People tend to operate from a mindset of either empowerment or disempowerment at work. Choosing the former can make a big difference in how you feel about your job.
Feeling empowered at work is energizing. You approach your job with enthusiasm, as if you have everything to offer, and everything to gain. You sense that your contributions are valued and are eager to share ideas. An empowered organization is the result of a clear mission, good management, and realistic expectations about resources and workload.
If you feel disempowered at work, you’re likely stressed out, feel like there’s never enough time and maybe that your contributions don’t matter. The workday can feel like a house of cards—if one card falls, it will all crumble. Organizationally, people are defensive and anxious, and both resources and support appear scarce.
The workday can feel like a house of cards—if one card falls, it will all crumble.
Like being an optimist or pessimist, some people just naturally approach life from a more empowered or disempowered stance. And the reality is, our professional worlds are dynamic and we all move through periods when we feel both ways. But choosing empowerment begins with facing your internal dialogue.
Take your work pulse
Begin to tune in to your thoughts about work. What messages do you tell yourself (and by extension, others)?
I’m really excited about this new project.
It doesn’t really matter what I do, because my boss is going to take credit anyway.
I’m going to try for that promotion. I think I’ve got a good chance.
I’d like to get ahead, but I just can’t take on anything else.
Another reorg? This company is a disaster. I’ve just got to keep my head down, do my work, and update my resume.
What about the dominant mindset of your organization? Disempowered coworkers and teams struggle with boundaries and meeting their deliverables. They may be less willing to collaborate because they feel defensive and protective.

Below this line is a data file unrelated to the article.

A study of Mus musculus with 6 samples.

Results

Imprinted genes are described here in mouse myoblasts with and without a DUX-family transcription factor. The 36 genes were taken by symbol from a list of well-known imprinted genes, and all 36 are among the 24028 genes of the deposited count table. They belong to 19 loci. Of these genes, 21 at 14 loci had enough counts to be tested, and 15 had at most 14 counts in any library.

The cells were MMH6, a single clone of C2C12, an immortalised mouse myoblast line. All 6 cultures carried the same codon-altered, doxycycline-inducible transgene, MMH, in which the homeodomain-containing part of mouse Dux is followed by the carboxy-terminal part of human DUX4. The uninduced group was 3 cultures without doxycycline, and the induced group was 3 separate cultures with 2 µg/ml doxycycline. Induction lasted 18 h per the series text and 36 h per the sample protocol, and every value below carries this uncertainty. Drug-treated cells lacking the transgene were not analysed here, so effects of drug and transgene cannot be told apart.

The opposite is true for an empowered workplace: There are clear boundaries around individual responsibilities and support for people to get their work done. People enjoy their jobs, and there’s a sense of openness and collaboration.
How do you shape the story?
Consider how you contribute to the mindset you or your team has toward work.
If there’s a rumor circulating, do you pass it on, or do you look for data that supports it?
Do you notice your thoughts before you give them voice?
When you hang out with colleagues, do you complain about what’s wrong, or do you brainstorm solutions to address what could be improved?
How often do you acknowledge the work of others and show gratitude for support you’ve received?
Shift disempowered thoughts
When you notice your thoughts veering in the direction of disempowerment, ask yourself, Is it true?
Is it true that there’s not enough time (support, encouragement, opportunity, etc.)?
Is it really true that my contribution doesn’t matter or isn’t noticed?
If you notice a bit of space opening up, go deeper.
Is this still the conversation I want to have with myself and others about work?
And if it’s not, what might you do to take disempowering thoughts in a new direction?